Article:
The 2020 Nobel Prize in Literature has been awarded to former U.S. Poet Laureate Louise Gluck.
The prize committee cited “her unmistakable poetic voice that with austere beauty makes individual existence universal.” Gluck is the first American woman to win the award since Toni Morrison in 1993.
The prize was announced Thursday in Stockholm by the Swedish Academy.
Gluck, 77, joins a glittering list of literary giants and previous Nobelists who include, in this century, Canadian short-story master Alice Munro, British novelist Kazuo Ishiguro, Chinese magical-realist Mo Yan, Peruvian writer Mario Vargas Llosa and Turkish author Orhan Pamuk.
Gluck’s work includes 12 collections of poetry and a couple of volumes of essays on literary writing. “All are characterized by striving for clarity. Childhood and family life, the close relationship with parents and siblings is a [theme] that has remained central to her,” Anders Olsson, the chairman of the Nobel Committee for Literature, said.
“She seeks the universal, and in this she takes inspiration from myths and Classical motifs,” Olsson added, citing her 2006 collection “Averno,” which the committee described as “masterly” for its “visionary interpretation of the myth of Persephone’s descent into hell in the captivity of Hades, the god of death.”
An English professor at Yale and a resident of Cambridge, Mass., Gluck served as U.S. poet laureate from 2003 to 2004 and is no stranger to accolades. She won the Pulitzer Prize in 1993 for her collection of poems titled “The Wild Iris,” in which “she describes the miraculous return of life after winter in the poem ‘Snowdrops,’” the Nobel literature committee said Thursday. She also won the 2014 National Book Award for poetry for “Faithful and Virtuous Night.”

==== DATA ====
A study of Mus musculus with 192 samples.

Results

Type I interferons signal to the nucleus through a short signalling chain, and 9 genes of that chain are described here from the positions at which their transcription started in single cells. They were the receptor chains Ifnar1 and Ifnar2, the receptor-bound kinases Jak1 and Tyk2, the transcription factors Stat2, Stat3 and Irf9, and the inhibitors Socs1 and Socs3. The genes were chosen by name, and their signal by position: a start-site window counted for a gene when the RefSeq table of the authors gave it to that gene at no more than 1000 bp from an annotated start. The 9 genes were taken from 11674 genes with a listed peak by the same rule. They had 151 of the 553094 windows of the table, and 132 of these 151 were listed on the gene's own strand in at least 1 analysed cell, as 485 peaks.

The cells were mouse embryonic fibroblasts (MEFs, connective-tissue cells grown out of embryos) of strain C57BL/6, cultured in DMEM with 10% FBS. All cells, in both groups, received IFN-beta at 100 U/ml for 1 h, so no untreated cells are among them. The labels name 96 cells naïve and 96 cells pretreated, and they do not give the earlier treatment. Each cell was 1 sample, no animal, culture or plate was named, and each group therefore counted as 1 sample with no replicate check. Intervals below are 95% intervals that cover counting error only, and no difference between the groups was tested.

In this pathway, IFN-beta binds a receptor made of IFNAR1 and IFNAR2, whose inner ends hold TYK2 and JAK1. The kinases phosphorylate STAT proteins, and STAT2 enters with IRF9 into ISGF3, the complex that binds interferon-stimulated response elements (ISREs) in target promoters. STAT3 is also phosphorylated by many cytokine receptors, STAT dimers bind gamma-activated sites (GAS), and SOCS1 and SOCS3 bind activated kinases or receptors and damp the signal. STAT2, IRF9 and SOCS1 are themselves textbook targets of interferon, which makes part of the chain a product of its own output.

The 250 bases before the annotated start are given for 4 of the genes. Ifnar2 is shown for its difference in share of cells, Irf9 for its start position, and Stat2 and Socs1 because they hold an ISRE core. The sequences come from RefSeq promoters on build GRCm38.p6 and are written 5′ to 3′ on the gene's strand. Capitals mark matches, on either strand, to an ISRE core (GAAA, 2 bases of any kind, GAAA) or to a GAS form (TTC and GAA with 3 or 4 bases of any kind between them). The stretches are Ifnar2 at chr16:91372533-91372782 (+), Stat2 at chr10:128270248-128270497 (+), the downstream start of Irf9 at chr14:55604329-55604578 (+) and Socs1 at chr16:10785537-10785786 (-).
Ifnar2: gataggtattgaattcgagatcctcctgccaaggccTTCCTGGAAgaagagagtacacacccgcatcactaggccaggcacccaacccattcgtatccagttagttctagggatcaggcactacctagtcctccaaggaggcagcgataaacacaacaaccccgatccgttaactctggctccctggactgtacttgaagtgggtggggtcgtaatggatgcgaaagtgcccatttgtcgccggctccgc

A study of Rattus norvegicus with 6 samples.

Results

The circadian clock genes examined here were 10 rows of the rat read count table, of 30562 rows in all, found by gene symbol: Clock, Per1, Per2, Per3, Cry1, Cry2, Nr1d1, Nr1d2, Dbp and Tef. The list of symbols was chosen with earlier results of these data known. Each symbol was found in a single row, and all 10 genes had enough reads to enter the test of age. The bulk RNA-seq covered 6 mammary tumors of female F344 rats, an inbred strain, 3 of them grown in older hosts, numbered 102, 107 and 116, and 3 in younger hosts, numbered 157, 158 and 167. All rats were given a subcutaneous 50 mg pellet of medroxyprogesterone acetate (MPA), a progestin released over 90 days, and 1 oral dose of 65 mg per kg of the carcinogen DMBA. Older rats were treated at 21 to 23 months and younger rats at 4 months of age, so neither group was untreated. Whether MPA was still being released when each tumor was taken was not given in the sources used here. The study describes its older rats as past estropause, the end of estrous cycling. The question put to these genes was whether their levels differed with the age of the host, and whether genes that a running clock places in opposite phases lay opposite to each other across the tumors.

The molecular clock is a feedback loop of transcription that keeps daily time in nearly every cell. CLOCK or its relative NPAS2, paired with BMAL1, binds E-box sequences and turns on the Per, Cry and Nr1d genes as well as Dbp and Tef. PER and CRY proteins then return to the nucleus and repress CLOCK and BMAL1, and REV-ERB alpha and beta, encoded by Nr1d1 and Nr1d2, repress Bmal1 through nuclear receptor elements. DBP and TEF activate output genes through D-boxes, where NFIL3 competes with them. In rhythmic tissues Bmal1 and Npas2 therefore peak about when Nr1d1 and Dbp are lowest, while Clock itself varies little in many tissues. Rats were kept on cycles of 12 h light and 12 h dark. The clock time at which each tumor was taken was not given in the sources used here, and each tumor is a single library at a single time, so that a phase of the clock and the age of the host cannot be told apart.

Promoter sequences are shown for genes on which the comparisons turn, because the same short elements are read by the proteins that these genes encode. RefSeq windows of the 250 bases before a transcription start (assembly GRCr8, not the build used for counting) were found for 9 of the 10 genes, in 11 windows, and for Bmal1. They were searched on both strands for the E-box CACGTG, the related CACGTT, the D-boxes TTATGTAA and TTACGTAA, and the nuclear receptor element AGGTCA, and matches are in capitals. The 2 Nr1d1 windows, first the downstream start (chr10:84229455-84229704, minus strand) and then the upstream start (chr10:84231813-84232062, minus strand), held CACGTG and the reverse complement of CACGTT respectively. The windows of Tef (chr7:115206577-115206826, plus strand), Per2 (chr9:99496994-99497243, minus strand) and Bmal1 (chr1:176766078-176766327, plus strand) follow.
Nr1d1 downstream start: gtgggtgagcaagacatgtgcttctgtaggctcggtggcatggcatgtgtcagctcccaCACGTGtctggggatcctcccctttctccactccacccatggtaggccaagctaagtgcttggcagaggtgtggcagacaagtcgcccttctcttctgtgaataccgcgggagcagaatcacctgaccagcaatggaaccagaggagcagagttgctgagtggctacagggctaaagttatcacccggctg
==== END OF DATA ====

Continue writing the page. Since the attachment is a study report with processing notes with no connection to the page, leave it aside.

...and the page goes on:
In 2016, President Obama bestowed the National Humanities Medal on Gluck in a White House ceremony.
Mats Malm, a Nobel literature committee official, said that he contacted Gluck with news of her win and that “the message came as a surprise — but a welcome one, as far as I could tell,” given the early hour on the U.S. East Coast.
Olsson described Gluck’s poetic voice as “candid and uncompromising” but frequently witty.
Her literary career began with the aptly named collection “Firstborn,” published in 1968. Other acclaimed works include “Ararat” and “The Triumph of Achilles” from 1985, which garnered the National Book Critics Circle Award.
Gluck, who attended Sarah Lawrence College and Columbia University, is a member of the American Academy of Arts and Letters.
The last American to win the literature prize was an unconventional choice: Bob Dylan, whom the committee singled out in 2016 for “having created new poetic expressions within the great American song tradition.”
The literature prize has had other brushes with controversy, including complaints that the award committee has too often favored European writers. Last year, two literature prizes were handed out, one for 2019 and a belated one for 2018, following a sexual harassment scandal that engulfed the committee and forced organizers to postpone naming the 2018 winner.
Both of those most recent laureates were Europeans. The choice of Austrian writer Peter Handke as the 2019 awardee also drew criticism because of comments he has made minimizing the ethnic cleansing perpetrated by Serbian strongman Slobodan Milosevic during the Balkan wars. At least one member of the Nobel literature committee resigned over the decision to honor Handke.
However, Americans have been well-represented in this year’s round of Nobel Prizes, sharing in all three science awards before Thursday’s announcement of the literature laurel.
Two American scientists were among those honored with the prize for medicine Monday for their part in discovering the hepatitis C virus, a UCLA astronomer jointly won the physics prize Tuesday for her work on understanding black holes, and a UC Berkeley biochemist was one of two women recognized Wednesday for helping to develop the revolutionary CRISPR gene-editing tool.
The Nobel Peace Prize winner will be unveiled Friday, and the award for economics will be announced Monday.
The award comes with a gold medal and more than $1.1 million, drawn from a bequest left by Swedish inventor Alfred Nobel, who established the prizes that bear his name.